The Minnis administration is establishing an inventory of Crown land throughout The Bahamas in a bid to make low cost housing available on the Family Islands and spur economic growth in the archipelago, Attorney General Carl Bethel said yesterday.
Bethel, who led debate on the Economic Empowerment Zones Bill, 2018 in the Senate, said Prime Minister Dr. Hubert Minnis has assigned Crown land officers to identify tracts that are available and suitable for residential development.
“The intention is that going forward, over the coming year and years… what will happen is that certain tracts will be surveyed off and allotments crafted, and marked out,” he said.
“The government will then come in and put in the essential infrastructure, a roadway, making sure that waterlines and electricity poles are in place and, similarly, these areas will be declared to be economic empowerment zones, which will then allow persons to utilize the law that we’ve crafted to build in government-owned subdivisions, their own dwelling homes.
“And, so, we will see the orderly expansion of housing opportunities to thousands of Family Island residents primarily throughout the length and breadth of this country.
“So, the same opportunities that are being afforded for the purpose of what we call service lots at below costs… will be extended to them and they will have customs duty exemptions on building supplies.
“Once an economic zone is declared, it will also facilitate businesses by Family Island residents to be established and to have all of the exemptions that are set out in the bill.”
Bethel said through this program, the government will also seek to address an age-old complaint that Bahamians can’t get title to their generation land.
“That will be addressed in a systematic way,” Bethel said.
The senator added that the bill will also provide similar tax breaks to Bahamians that foreign investors get.
“Bahamians always say, ‘You give everything to the foreign man’,” Bethel said.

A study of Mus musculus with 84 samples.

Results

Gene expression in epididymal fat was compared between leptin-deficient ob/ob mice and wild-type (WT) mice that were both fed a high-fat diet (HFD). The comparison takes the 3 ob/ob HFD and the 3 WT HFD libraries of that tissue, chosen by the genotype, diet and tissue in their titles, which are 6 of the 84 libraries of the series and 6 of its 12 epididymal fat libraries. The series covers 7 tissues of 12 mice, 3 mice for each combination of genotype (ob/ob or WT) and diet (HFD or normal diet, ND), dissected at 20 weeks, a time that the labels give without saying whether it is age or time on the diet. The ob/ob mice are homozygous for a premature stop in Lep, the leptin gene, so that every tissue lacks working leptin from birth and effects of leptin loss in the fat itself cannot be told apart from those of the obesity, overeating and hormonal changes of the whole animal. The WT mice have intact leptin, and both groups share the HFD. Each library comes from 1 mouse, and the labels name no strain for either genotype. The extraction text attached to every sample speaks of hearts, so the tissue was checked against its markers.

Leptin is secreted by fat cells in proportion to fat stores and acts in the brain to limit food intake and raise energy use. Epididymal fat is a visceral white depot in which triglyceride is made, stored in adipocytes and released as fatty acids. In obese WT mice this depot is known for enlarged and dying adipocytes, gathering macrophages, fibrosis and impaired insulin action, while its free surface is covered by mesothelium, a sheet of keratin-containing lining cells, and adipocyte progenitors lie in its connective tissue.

“‘You give everything to this one and to that one, you don’t do anything for Bahamians.’
“Well, this and our reform laws in terms of land ownership, service lots are attempts to directly give to ordinary Bahamians the same economic incentive, tax breaks and benefits that foreigners get, and the critical difference in this bill is that we don’t only apply it to the house, we apply to the business, the Bahamian-owned businesses, in Over-the-Hill areas.”
The Economic Empowerment Zones Bill, 2018 details tax exemptions and benefits for residents and businesses in the designated zones.
Businesses with an aggregate turnover of $5 million or less will be exempt from customs duties for the import of commercial vehicles, business license fees and excise tax.
Residents who are seeking to build homes in the zones will receive exemption from customs duties on all materials necessary for the construction or reconstruction of buildings and structures. Homeowners in the zones will also be exempt from real property tax, excise tax and stamp duty.
Businesses that sell alcohol as their primary activity, and gaming houses, are not eligible for the exemptions.
Once it is brought into force, the bill will expire on July 1, 2023.